9 Things Every Facility Manager Should Know: Part 2

By Michael S. Teller, A.I.A., NCARB, LEED AP BD+C, President

Continuing with items 4, 5, and 6:

4.   Wood Rots:

The good and the bad news about modern paints, is that they do not contain lead.  Good from a health standpoint, bad from a performance standpoint.  Modern painting systems last no more than five years.  So unless you have your entire campus on a five year repainting schedule, you are not keeping up with the protective coating necessary for your exposed woodwork.  Anytime you see peeling paint, and the wood substrate is exposed, you are viewing wood that is in the process of decay.  Wood is a very inexpensive material, and is easy to install.  However, the drawback is that it needs more maintenance than other materials.  It is critical that all the wood elements on the exterior of every building be put on a periodic painting schedule so that they are coated every five years.

5.   Green Buildings Need to be Maintained:

The green building movement is here to stay.  Sustainable concepts include healthier building
materials that do not outgas, more natural light, and more views to the exterior.  Energy conservation measures including high-tech HVAC systems and water saving measures are also critical to any high performance building.  However, they require that building personnel be trained to operate and maintain the equipment on a periodic basis.  Without the ongoing attention to the systems, the benefits of “green technology” will be lost.  The follow-up to every green building must be the training and maintenance aspects of the system to insure the long-term success of each assembly.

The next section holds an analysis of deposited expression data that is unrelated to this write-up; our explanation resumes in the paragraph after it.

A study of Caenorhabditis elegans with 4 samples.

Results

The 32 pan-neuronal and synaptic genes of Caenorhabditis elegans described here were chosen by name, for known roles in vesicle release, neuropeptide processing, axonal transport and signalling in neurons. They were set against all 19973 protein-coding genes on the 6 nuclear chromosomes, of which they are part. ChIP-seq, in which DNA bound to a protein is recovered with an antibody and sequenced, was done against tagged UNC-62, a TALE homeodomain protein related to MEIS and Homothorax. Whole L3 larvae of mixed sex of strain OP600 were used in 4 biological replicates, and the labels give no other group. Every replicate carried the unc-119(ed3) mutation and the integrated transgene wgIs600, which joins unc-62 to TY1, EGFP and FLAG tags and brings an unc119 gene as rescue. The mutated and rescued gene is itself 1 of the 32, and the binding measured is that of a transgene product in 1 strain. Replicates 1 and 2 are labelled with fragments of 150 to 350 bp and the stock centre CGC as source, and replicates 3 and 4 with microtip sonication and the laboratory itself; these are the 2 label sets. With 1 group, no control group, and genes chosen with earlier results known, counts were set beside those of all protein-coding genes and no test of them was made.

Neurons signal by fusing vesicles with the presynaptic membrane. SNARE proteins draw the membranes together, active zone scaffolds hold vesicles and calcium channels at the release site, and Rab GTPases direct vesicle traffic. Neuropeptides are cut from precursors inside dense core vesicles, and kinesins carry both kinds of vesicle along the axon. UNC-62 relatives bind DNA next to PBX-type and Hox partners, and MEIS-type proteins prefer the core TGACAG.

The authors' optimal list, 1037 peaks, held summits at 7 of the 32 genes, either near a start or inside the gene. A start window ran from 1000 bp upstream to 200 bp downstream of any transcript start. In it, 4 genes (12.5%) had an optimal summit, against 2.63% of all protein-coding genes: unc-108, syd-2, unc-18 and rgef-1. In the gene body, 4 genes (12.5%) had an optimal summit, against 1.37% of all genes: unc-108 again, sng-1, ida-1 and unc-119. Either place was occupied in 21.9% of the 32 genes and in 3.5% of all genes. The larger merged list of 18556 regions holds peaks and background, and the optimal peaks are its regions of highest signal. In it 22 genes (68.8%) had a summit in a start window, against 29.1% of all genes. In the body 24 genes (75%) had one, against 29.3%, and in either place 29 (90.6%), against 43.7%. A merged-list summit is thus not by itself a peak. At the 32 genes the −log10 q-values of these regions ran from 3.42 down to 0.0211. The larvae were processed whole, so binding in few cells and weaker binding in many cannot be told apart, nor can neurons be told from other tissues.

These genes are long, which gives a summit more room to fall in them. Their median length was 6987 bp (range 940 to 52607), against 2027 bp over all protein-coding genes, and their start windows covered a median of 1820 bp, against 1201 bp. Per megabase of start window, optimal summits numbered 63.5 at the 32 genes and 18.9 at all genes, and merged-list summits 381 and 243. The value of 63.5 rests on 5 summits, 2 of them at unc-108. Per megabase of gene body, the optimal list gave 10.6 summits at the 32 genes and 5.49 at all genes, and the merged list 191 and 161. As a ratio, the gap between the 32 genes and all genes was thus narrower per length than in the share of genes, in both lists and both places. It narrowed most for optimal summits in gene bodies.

6.   Hazardous Materials Are Everywhere:

Not too long ago, before each building project, testing was performed for lead paint and in some cases asbestos for obvious materials such as pipe wrap.  These days, there is a greater awareness of the various hazardous materials that exist in every building and prior to any project that may involve demolition, even removing windows for example, a thorough environmental assessment report should be performed by a qualified consultant (who is
heavily insured in that market).  All existing paints and coatings, including masonry coatings, should be tested for lead, asbestos, and PCBs.  Sealants and caulking should be tested for asbestos.  An inventory of exiting systems throughout the building, including fluorescent light ballasts, fire extinguishers, air conditioning refrigerants, and even old paint cans should be inventoried in advance so that any aspect of the construction addressing these materials will be covered by a specification that directs the contractor and references all the appropriate codes and regulations on the local, state, and federal level.  This could be the single most important way to protect yourself and your institution on a building project.